Michael Thompson, Director of the Council of State Governments (CSG) Justice Center, summarized the results of a forthcoming study tracking the disciplinary history through 12th grade of nearly 1 million youth in Texas who entered seventh grade between 2000 and 2003. The study matched records of school disciplinary action with juvenile justice system records to assess later interaction with the juvenile justice system. CSG will officially release the results of the study in July.
Christopher Boccanfuso of Child Trends, a nonprofit research center, emphasized that there is no scientific evidence that zero-tolerance policies work. He said suspension and expulsiontwo punishments associated with zero toleranceput students at risk for less connectivity to school, greater participation in risky or illegal behavior, poor academic achievement and dropout, and entry into the "school to prison pipeline." Instead, nonpunitive policies that use character education and social-skill building have been rigorously evaluated and have been shown to improve student behavior and increase school safety. To read a March 2011 report that Dr. Boccanfuso co-authored on this topic, visit the Child Trends Web site.Farhad Asghar, Associate Dean of Continuing Education at Bank Street College of Education in New York City, described the college's highly successful dropout-prevention program, Liberty LEADS, which targets underserved youth in the 5th through 12th grades. Dean Asghar said that 43 percent of the youth struggle with issues such as depression, the incarceration of their parents, domestic violence, and exposure to drug abuse; 20 percent of the youth come from homes where either a parent or a sibling has not finished high school; and 18 percent are receiving special education services. Liberty LEADS provides youth with academic enrichment, leadership development, college-prep classes, cultural enrichment, counseling, and mentoring. Statistics point to the program's success: 100 percent of the students from Liberty LEADS who apply to college are accepted, 94 percent graduate from high school on time, and 98 percent are promoted to the next grade level each year. "If schools employed the strategies of Liberty LEADS, we would see a significant reduction in dropout rates," Dean Asghar said.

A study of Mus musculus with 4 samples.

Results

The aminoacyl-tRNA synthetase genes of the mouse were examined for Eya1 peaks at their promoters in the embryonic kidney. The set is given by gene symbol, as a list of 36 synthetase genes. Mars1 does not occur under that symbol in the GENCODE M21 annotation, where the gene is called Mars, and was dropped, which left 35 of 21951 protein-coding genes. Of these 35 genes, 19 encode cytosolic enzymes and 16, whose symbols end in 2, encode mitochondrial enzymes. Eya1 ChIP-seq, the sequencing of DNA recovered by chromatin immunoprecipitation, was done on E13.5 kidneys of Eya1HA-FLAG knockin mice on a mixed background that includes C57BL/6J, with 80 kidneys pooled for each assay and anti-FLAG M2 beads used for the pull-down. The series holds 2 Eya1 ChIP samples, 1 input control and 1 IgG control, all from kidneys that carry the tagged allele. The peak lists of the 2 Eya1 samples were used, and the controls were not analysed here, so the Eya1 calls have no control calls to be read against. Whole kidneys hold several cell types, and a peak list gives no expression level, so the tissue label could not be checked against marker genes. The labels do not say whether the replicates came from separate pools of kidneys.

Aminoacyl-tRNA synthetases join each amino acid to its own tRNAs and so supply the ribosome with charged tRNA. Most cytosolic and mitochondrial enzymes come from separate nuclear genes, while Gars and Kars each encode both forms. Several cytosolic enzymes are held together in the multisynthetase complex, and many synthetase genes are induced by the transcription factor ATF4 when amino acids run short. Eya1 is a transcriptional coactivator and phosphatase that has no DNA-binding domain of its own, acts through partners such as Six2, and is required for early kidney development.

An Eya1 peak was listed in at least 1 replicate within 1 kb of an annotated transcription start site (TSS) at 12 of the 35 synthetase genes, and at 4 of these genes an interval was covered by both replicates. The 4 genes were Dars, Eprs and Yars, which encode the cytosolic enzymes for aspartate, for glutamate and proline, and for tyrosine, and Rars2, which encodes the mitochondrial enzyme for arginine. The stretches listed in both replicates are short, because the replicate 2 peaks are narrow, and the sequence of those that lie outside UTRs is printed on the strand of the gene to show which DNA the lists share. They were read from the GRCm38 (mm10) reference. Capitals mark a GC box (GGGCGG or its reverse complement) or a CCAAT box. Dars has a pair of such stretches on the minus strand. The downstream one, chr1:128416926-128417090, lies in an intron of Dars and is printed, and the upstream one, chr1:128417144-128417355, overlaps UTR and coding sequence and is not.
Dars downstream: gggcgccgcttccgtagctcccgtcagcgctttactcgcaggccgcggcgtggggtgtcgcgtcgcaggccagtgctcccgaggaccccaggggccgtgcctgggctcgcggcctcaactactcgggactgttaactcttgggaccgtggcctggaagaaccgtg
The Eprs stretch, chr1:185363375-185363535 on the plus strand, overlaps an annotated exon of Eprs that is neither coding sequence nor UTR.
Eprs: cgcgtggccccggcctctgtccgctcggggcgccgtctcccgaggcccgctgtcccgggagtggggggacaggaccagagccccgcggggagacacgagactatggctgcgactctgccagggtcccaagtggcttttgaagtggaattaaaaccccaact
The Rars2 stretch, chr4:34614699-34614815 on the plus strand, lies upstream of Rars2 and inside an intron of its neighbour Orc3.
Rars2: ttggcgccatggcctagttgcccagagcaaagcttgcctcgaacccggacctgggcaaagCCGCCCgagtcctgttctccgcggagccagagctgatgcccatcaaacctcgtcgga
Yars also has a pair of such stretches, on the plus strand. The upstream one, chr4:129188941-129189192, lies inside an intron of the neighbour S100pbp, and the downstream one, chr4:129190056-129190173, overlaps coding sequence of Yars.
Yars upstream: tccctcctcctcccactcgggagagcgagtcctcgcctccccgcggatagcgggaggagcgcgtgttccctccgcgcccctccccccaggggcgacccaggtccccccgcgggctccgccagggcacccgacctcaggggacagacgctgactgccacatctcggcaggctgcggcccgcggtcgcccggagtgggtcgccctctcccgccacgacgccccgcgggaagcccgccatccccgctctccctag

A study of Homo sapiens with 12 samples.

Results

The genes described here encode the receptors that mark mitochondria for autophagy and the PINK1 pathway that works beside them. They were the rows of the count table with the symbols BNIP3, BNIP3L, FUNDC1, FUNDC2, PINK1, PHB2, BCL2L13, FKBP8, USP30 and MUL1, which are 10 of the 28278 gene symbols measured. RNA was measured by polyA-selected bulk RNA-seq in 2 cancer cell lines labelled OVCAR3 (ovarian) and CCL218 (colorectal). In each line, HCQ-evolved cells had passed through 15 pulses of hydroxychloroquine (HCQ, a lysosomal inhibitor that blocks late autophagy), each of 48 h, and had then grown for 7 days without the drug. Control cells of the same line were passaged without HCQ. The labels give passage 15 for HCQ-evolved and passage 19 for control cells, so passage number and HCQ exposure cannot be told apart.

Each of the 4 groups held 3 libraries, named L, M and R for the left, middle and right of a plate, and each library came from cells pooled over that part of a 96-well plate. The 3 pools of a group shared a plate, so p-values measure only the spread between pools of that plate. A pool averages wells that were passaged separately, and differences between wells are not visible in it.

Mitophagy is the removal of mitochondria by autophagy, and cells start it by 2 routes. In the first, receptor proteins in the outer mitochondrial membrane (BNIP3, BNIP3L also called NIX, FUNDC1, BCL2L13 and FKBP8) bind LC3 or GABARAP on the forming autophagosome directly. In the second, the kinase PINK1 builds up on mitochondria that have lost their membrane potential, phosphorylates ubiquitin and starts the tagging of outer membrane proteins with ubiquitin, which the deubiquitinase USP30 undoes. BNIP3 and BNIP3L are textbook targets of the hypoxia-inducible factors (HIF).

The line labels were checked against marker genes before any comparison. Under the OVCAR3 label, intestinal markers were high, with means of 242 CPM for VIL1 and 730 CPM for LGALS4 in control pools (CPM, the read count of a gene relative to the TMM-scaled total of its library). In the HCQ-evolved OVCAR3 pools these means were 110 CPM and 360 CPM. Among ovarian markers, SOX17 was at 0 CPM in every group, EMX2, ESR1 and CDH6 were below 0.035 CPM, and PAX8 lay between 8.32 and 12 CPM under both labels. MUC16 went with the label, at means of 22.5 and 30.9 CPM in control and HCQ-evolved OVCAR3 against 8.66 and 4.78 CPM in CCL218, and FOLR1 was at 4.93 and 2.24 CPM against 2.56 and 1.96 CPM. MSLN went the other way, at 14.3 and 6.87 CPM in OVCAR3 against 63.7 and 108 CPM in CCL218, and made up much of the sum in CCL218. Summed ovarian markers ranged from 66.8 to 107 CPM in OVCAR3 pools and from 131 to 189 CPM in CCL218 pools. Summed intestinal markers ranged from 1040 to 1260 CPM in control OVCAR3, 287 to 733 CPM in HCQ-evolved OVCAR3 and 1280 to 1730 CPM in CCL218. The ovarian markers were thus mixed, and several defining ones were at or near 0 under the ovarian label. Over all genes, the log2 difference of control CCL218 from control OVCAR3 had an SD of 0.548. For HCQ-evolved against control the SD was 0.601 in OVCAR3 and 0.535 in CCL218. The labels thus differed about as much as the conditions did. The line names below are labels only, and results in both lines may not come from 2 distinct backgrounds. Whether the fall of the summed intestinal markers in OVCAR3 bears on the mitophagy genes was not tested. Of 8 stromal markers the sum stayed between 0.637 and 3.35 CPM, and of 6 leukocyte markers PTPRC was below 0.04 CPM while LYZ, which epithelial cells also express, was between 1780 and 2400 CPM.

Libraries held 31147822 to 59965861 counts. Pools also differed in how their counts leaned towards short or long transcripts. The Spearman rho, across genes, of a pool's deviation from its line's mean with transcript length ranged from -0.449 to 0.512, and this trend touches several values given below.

Other Highlights of the Council Meeting
OJJDP's Acting Administrator Jeff Slowikowski, who serves as vice-chair of the Coordinating Council, provided an update on the progress of the council's issue teams toward finalizing recommendations on enhancing federal policy and practice in four priority areas: education and at-risk youth, tribal youth and juvenile justice, juvenile reentry and transition to adulthood, and racial and/or ethnic disparities in the juvenile justice and related systems. Those recommendations will be officially presented in a consolidated report to the Coordinating Council at its next meeting on July 21, 2011. Recommendations that are approved by the council will be incorporated into a separate report submitted by the council to Congress. Each team has produced draft recommendations specific to their topic area, as well as a number of cross-cutting proposals that are more broadly relevant.
Thomas Abt, Chief of Staff for the Office of Justice Programs, provided an overview of the National Forum on Youth Violence Prevention, a network of agencies and localities who share information, offer technical assistance, and coordinate action and resources to address youth violence. Federal agencies involved in the project include the U.S. Departments of Justice, Education, Health and Human Services, and Housing and Urban Development; and the Office on National Drug Control Policy. Current member cities are Boston, Chicago, Detroit, Memphis, San Jose, and Salinas, CA. Teams of experts presented comprehensive plans to prevent youth violence in their cities at the Summit on Preventing Youth Violence on April 45, 2011, in Washington, DC.